Immune system plays a critical role in severe COVID-19, new evidence shows


They found several cell types that play a key part in the immune response to the new coronavirus and the hyper-inflammation seen in severe cases of the disease.

These findings are valuable in improving the clinical evaluation of patients and in the development of new treatments that reduce the over-reaction of the immune system in patients with severe COVID-19.

The research was conducted by a team at Karolinska Institutet.

The analyses were conducted on samples taken from patients with severe COVID-19 treated in Helsinki, Finland.

The researchers used a combination of advanced techniques to analyze the entire composition and function of the immune system in up to 14 repeated blood samples from each patient.

This enabled them to make an unusually detailed analysis of immune system activation during severe COVID-19.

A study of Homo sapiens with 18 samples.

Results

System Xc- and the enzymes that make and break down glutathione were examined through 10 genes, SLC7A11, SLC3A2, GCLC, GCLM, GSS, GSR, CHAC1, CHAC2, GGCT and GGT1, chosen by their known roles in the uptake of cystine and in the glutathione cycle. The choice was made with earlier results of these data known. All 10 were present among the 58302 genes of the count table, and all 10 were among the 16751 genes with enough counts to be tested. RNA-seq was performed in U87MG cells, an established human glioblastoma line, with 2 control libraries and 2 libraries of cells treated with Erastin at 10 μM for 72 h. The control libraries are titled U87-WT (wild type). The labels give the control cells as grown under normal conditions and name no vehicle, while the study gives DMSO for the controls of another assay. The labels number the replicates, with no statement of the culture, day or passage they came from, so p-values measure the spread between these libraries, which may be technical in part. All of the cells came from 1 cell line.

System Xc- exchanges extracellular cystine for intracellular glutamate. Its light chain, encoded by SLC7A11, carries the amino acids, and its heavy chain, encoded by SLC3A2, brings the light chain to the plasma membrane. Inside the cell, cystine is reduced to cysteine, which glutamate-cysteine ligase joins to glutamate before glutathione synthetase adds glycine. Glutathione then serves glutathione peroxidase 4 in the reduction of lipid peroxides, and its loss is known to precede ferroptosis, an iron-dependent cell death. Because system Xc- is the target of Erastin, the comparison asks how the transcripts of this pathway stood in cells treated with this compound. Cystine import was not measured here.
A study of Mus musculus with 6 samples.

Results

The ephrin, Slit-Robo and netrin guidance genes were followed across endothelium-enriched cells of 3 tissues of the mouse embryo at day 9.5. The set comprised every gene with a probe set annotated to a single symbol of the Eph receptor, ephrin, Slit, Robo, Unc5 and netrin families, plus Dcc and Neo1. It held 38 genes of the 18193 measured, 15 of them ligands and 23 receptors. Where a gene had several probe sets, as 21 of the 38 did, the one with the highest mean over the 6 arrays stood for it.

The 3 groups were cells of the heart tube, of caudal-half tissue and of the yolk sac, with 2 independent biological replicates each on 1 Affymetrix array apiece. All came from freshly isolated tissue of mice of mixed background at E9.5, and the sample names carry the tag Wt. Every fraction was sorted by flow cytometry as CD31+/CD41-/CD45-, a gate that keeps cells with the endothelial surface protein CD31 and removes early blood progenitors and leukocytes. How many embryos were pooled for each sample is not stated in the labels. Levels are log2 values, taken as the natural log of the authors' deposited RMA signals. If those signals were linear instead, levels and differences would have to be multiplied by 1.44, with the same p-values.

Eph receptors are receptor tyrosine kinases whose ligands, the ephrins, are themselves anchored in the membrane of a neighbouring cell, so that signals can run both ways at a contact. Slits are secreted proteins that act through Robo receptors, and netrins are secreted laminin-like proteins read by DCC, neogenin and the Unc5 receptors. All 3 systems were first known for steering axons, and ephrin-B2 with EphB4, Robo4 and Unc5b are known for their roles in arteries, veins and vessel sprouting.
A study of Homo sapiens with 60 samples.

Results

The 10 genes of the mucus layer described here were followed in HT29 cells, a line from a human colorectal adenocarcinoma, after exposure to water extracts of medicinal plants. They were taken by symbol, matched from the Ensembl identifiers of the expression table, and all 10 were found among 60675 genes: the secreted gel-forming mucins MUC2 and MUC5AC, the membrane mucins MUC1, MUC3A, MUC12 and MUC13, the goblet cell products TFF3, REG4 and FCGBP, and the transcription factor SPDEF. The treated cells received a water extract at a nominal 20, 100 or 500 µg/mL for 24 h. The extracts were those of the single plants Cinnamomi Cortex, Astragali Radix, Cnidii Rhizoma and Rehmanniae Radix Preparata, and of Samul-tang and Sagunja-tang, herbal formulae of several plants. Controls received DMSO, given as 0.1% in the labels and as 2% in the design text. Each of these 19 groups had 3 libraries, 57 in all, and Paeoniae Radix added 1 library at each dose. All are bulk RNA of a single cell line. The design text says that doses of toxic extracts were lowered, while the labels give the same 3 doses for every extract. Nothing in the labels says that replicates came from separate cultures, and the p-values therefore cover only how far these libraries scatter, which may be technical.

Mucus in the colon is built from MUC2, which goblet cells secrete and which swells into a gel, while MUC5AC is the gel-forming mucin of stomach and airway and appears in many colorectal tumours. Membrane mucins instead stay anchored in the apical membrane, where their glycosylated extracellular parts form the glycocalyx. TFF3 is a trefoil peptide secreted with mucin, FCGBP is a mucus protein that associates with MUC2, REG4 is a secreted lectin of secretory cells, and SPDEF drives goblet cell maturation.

The team found several new details of the immune system response to the virus and its hyper-responsiveness in severely ill patients.

Their results showed that a kind of white blood cells called eosinophils, which are well-documented in asthma but whose function is less understood in respiratory infections in the lungs, play an important role in severe COVID-19.

These cells expand in the blood shortly before the patients suffer deterioration due to pulmonary hyper-inflammation, and ARDS (acute respiratory distress syndrome), requiring intensive care.

Other white blood cells called basophils are found in this study to be involved in the development of strong antibody responses during the infection.

The researchers also found how the immune system recovers in the patients who recovered from severe COVID-19.

One author of the study is Petter Brodin, a pediatrician, and researcher in immunology.

The study is published in the journal Cell Reports Medicine.